The “Between Heaven and Earth: Spiritual Transformation and Sacred Spaces” exhibit held its juror’s gallery talk and reception last Wednesday as part of the College’s “Religion, Culture and Identity” program in the Holman Hall Art Gallery.
The show, which featured a total of 33 artists from several different states, was juried by Eleanor Heartney, author of “Postmodern Heretics: The Catholic Imagination in Contemporary Art.”
Heartney expressed her interest in the issues and controversies that involve art and religion, saying, “Religion (has begun) to emerge as a political tool.” She added that “religion can be an instrument of healing, rather than division.”
Heartney chose pieces that showed that a sacred space could be found anywhere. She said sacred could be conveyed as “complicated, Baroque, opulent, sensual,” as well as something that is found in the every day world.
“I read the (juror’s) writing while in college, so this was a big deal for me,” Hildebrandt said.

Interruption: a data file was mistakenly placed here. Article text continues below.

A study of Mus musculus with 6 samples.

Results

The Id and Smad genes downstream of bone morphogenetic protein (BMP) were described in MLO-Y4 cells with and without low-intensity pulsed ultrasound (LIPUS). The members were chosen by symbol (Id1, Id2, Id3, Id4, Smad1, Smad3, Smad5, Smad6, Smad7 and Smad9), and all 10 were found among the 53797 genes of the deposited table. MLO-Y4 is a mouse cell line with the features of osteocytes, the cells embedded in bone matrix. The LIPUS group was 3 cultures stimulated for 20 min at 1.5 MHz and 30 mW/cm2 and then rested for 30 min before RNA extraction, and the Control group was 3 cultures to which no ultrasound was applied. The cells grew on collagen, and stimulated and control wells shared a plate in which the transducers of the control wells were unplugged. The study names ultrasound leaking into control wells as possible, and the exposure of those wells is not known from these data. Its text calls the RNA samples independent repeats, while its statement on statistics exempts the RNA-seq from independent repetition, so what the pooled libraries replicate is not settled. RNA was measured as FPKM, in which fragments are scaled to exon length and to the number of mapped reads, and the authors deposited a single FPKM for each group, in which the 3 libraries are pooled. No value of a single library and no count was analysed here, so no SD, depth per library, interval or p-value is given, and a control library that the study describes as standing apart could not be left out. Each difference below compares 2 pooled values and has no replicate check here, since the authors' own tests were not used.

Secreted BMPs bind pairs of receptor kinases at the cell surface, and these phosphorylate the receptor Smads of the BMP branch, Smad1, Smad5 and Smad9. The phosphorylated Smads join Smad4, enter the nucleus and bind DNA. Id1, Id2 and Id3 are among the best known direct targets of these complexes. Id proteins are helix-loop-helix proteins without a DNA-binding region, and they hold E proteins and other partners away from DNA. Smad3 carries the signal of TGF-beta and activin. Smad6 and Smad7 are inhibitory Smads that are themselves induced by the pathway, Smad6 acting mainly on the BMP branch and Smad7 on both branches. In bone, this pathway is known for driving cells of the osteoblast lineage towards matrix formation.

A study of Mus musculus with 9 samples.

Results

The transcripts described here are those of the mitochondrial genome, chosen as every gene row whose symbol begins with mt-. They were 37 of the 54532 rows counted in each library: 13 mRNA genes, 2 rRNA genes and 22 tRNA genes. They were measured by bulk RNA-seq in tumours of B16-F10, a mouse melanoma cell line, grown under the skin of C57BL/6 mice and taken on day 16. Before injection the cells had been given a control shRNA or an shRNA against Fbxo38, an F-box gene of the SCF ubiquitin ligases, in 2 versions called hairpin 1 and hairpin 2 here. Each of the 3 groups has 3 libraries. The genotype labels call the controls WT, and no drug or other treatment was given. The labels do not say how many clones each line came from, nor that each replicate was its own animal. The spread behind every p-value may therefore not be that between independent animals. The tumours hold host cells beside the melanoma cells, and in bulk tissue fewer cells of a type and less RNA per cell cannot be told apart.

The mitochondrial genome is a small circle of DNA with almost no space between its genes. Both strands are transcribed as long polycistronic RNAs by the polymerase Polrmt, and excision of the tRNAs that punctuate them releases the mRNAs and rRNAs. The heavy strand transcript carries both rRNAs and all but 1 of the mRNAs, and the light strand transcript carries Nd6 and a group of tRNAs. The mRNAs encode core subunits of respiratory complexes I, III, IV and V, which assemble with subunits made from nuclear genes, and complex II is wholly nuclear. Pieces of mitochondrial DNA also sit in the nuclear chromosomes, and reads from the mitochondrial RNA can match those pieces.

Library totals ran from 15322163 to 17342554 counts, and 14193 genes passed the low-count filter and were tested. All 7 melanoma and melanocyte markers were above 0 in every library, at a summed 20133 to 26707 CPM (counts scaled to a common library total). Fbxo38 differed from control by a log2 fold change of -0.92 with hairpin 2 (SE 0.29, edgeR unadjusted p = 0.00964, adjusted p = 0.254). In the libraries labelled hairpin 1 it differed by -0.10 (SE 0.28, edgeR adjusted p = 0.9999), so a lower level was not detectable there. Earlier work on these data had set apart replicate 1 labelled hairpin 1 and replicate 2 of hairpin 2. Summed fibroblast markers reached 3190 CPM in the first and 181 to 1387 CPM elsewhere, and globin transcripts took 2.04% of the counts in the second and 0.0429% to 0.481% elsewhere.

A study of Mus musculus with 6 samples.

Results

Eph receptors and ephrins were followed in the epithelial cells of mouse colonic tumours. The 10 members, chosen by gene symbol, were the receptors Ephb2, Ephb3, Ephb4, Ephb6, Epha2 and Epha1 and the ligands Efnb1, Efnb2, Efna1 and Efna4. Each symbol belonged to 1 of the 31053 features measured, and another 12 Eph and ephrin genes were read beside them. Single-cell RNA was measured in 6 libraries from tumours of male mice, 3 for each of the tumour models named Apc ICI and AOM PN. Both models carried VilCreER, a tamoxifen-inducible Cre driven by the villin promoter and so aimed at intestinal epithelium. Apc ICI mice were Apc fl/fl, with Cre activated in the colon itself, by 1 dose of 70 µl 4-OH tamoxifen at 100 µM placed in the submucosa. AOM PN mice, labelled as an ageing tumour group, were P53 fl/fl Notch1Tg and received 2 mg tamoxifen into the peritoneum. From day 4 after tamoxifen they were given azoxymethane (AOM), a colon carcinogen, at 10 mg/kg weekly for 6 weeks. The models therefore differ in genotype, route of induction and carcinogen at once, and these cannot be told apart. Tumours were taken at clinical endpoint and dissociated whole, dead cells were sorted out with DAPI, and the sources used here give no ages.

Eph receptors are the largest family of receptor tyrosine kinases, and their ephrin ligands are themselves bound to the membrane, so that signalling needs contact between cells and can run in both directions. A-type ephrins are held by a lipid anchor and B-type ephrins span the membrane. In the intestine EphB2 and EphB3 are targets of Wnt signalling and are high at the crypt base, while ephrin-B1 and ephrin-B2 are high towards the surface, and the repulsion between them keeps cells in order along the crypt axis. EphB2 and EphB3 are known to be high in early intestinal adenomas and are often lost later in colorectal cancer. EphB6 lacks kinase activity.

The works of artist Dwight Harris were more traditional. His “Delicate Balance,” which was composed of photographs manipulated on canvas, showed his view of the Catholic Holy Trinity. Harris called the image of a Catholic Church “against his grain” because of his Protestant background. The Trinity shown in the piece depicts the human world, the spiritual world and the connection between them.
Some of the artwork suggested a darker side to religion, like “Inferno” by Carol Rosen. Heartney described this vision of the Holocaust as a “very powerful image of the other side.” In her vision of hell, Rosen said she tried to “personalize the horror.”
“I was really excited to see such a variety of subjects with the same idea,” said Sarah Cunningham, curator of the College Art Gallery.
Students in the “Holy Places, Sacred Shrines” course said they were glad they were able to visualize the topics they had discussed in class, especially the subject of what can be described as sacred.